MTN and Bharti Airtel have done it again: after months of wrangling, the two companies have decided to call off the proposed merger that could have resulted in a R20-billion developing countries telecommunications powerhouse.
Bharti says at least part of the reason talks have broken down is that the South African government doesn't want to accept the terms of the deal.
It hasn't completely closed the door, however, and would return to the negotiating table if government were to change its stance.
This is the second time the two companies have been in prolonged talks, and the second time they have walked away without a deal.
The news about the termination of the deal caused chaos on the JSE yesterday afternoon, and MTN shares were suspended at about 16:40.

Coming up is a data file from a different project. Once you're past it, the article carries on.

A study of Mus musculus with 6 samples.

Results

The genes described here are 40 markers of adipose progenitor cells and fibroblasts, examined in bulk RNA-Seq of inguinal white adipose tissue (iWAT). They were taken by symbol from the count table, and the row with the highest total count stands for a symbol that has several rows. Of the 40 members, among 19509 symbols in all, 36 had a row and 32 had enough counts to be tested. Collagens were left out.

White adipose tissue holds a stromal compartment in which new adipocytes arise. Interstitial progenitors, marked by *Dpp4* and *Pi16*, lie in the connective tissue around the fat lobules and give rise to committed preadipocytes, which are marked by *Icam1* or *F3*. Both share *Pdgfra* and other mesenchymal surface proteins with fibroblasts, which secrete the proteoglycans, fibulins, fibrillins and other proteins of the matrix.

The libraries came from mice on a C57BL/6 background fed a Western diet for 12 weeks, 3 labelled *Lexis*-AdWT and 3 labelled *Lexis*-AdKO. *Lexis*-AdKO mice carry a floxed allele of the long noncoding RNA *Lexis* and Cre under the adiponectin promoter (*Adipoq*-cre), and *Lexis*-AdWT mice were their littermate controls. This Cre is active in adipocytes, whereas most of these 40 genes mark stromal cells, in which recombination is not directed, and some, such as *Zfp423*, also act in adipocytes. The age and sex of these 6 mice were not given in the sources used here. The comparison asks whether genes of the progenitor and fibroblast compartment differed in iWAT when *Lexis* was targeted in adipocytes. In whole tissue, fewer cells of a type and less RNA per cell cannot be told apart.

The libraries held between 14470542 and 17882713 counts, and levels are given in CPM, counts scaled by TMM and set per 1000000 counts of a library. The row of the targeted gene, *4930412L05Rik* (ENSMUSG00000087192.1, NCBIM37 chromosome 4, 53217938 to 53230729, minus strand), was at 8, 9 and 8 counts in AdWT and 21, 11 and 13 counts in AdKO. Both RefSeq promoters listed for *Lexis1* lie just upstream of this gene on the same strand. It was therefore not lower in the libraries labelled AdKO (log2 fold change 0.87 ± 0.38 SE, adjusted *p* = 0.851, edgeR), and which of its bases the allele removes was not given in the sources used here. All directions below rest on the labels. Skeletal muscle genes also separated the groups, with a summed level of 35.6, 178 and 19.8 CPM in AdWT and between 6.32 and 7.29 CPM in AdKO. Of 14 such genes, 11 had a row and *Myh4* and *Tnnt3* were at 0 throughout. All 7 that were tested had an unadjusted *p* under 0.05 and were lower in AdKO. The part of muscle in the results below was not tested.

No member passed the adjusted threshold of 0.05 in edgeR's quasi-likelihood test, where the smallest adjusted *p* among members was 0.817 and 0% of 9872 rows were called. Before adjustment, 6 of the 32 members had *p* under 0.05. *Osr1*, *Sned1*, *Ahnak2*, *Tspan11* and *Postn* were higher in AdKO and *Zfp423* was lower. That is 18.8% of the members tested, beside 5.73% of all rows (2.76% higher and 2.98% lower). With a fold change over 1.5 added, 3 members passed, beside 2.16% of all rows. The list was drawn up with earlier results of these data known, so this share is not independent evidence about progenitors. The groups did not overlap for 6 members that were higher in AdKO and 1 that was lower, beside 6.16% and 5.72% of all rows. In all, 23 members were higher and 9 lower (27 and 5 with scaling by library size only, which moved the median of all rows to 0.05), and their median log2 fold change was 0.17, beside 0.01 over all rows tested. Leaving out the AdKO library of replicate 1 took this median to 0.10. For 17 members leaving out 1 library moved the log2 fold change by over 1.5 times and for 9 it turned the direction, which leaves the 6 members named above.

The company eventually issued a very low-key statement at about 17:30, which reads as follows:
"Shareholders are referred to the cautionary announcement released on SENS on 25 May 2009 and to the renewals of cautionary announcement released on SENS on 6 July 2009 and 3 August 2009 concerning discussions regarding a potential transaction between MTN and Bharti Airtel Limited.
"Shareholders are advised that MTN and Bharti have not been able to conclude a transaction within the economic, legal and regulatory framework within which both companies operate. Accordingly, MTN and Bharti have mutually decided to terminate further discussions regarding the potential transaction.
"The MTN Board would like to thank all parties involved in these lengthy negotiations for the positive and constructive manner in which the negotiations were conducted. In particular, MTN expresses its appreciation to the South Africa and the Indian governments for their co-operation and supportive approach.
"Caution is accordingly no longer required to be exercised by shareholders when dealing in MTN securities.
"Trading in MTN securities will resume on the JSE at the commencement of trade on Thursday, 1 October 2009."